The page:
Government to expand research subsidy program

Yomiuri Shimbun file photo
The Education, Culture, Sports, Science and Technology Ministry building

The government will expand a research subsidy program from next fiscal year to promote joint international research, offering a new grant of up to ¥500 million per project, a tenfold increase compared to existing subsidies.

Looking ahead to the containment of the COVID-19 pandemic, the Education, Culture, Sports, Science and Technology Ministry wants to encourage Japanese researchers to participate in world-leading joint research under the Grant-in-Aid for Scientific Research program.

Teams seeking the new grant will be required to include young researchers so that the program helps to develop talented personnel.

The program, which offers subsidies for a wide range of research including natural science, social science and the humanities, will be expanded to further promote cutting-edge research.

A new grant of up to ¥500 million over a period of up to seven years per project will be offered, with the option to extend the period to a maximum of 10 years. The aim is to secure large-scale, long-term research funds to compete with overseas research teams.

Teams with 20-40 members led by researchers who have a strong research track record and an international network will be eligible to apply. In order to foster young researchers, about 80% of the team must be postdoctoral researchers or doctoral students.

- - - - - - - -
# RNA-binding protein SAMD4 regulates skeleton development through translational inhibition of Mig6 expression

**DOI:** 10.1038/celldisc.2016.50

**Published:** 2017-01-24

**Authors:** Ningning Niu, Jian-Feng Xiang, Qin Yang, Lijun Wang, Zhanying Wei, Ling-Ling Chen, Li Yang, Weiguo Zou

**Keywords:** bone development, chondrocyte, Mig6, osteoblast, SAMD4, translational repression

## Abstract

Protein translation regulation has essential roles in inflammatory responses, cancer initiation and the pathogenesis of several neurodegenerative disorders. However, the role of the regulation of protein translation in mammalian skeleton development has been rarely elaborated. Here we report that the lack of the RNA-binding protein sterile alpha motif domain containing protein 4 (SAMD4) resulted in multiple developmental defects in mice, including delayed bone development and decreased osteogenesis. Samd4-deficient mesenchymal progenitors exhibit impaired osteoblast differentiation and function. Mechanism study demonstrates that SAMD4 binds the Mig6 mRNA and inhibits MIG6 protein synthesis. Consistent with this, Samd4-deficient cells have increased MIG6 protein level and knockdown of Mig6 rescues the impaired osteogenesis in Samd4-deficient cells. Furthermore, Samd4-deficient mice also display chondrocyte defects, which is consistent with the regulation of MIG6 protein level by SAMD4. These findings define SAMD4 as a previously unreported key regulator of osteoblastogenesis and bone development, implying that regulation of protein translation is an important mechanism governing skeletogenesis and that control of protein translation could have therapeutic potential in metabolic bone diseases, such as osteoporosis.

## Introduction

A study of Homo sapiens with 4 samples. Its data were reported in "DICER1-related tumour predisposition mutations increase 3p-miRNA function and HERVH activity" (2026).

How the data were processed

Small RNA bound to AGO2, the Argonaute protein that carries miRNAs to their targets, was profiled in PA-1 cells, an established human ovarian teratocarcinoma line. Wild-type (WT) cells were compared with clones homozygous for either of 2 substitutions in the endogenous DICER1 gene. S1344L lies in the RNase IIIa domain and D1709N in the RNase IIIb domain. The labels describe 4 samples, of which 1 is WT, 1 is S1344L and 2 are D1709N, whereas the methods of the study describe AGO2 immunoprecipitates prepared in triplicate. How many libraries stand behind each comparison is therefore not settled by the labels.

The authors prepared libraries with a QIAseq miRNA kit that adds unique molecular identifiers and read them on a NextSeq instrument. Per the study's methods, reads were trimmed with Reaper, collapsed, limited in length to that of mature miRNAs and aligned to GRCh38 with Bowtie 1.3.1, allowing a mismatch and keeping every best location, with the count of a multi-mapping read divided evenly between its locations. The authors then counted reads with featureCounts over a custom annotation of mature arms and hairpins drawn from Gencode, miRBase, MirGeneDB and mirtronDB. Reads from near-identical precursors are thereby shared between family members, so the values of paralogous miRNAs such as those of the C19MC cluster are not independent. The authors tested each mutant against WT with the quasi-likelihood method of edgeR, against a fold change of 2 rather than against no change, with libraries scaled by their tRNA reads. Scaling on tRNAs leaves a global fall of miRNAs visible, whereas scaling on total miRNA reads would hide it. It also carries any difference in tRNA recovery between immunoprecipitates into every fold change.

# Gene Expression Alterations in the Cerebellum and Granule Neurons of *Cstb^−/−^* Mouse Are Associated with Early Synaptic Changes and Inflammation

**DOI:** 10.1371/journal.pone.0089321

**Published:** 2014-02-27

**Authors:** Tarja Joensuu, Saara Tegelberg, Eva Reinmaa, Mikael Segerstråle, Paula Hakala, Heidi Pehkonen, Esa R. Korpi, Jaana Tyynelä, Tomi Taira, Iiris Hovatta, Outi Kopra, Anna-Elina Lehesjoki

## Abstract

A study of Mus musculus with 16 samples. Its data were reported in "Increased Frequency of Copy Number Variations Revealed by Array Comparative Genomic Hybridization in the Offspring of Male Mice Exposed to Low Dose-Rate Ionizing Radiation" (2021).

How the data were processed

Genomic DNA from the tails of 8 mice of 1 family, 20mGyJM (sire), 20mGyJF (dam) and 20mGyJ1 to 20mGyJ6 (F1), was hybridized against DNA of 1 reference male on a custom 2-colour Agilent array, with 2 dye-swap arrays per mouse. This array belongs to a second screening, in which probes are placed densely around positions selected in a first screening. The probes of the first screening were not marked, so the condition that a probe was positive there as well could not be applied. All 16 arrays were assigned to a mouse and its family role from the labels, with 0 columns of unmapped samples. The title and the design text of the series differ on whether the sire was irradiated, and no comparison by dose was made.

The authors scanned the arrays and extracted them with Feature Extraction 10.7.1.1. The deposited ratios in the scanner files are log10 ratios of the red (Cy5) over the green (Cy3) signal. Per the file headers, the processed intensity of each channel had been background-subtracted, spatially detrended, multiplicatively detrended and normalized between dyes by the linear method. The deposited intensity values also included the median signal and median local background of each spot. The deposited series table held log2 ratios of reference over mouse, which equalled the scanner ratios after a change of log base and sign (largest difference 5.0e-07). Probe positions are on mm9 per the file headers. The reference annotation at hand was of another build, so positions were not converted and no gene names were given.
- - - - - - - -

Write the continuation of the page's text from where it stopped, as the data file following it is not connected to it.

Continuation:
The ministry anticipates about 15 projects a year will be eligible for the grant.

The related budget will be included in the supplementary budget for this fiscal year, which the government aims to be approved this year.

According to the science ministry, the pandemic has stalled overseas research placements, but the situation is expected to improve due to global vaccination campaigns.

The ministry has decided that it is necessary to enhance the subsidy program so that young researchers can be dispatched for as long as two to three years. It has been said that Japan is losing its international standing in terms of research. The government hopes the expanded program will increase the presence of Japanese researchers overseas.

The program currently includes subsidies for small groups conducting pioneering research and researchers who have held their doctoral degrees for less than eight years, among others. In addition, Japanese researchers who return from abroad to conduct research in Japan are eligible for subsidies of up to ¥50 million.

Researchers who apply for subsidies under the program will be required to report the source of all their funding, including funds from overseas, to increase transparency and prevent the outflow of advanced technology.

Researchers who receive foreign funds will be eligible to apply for the program, but if they falsify their reports, they risk having their applications rejected or their funding canceled.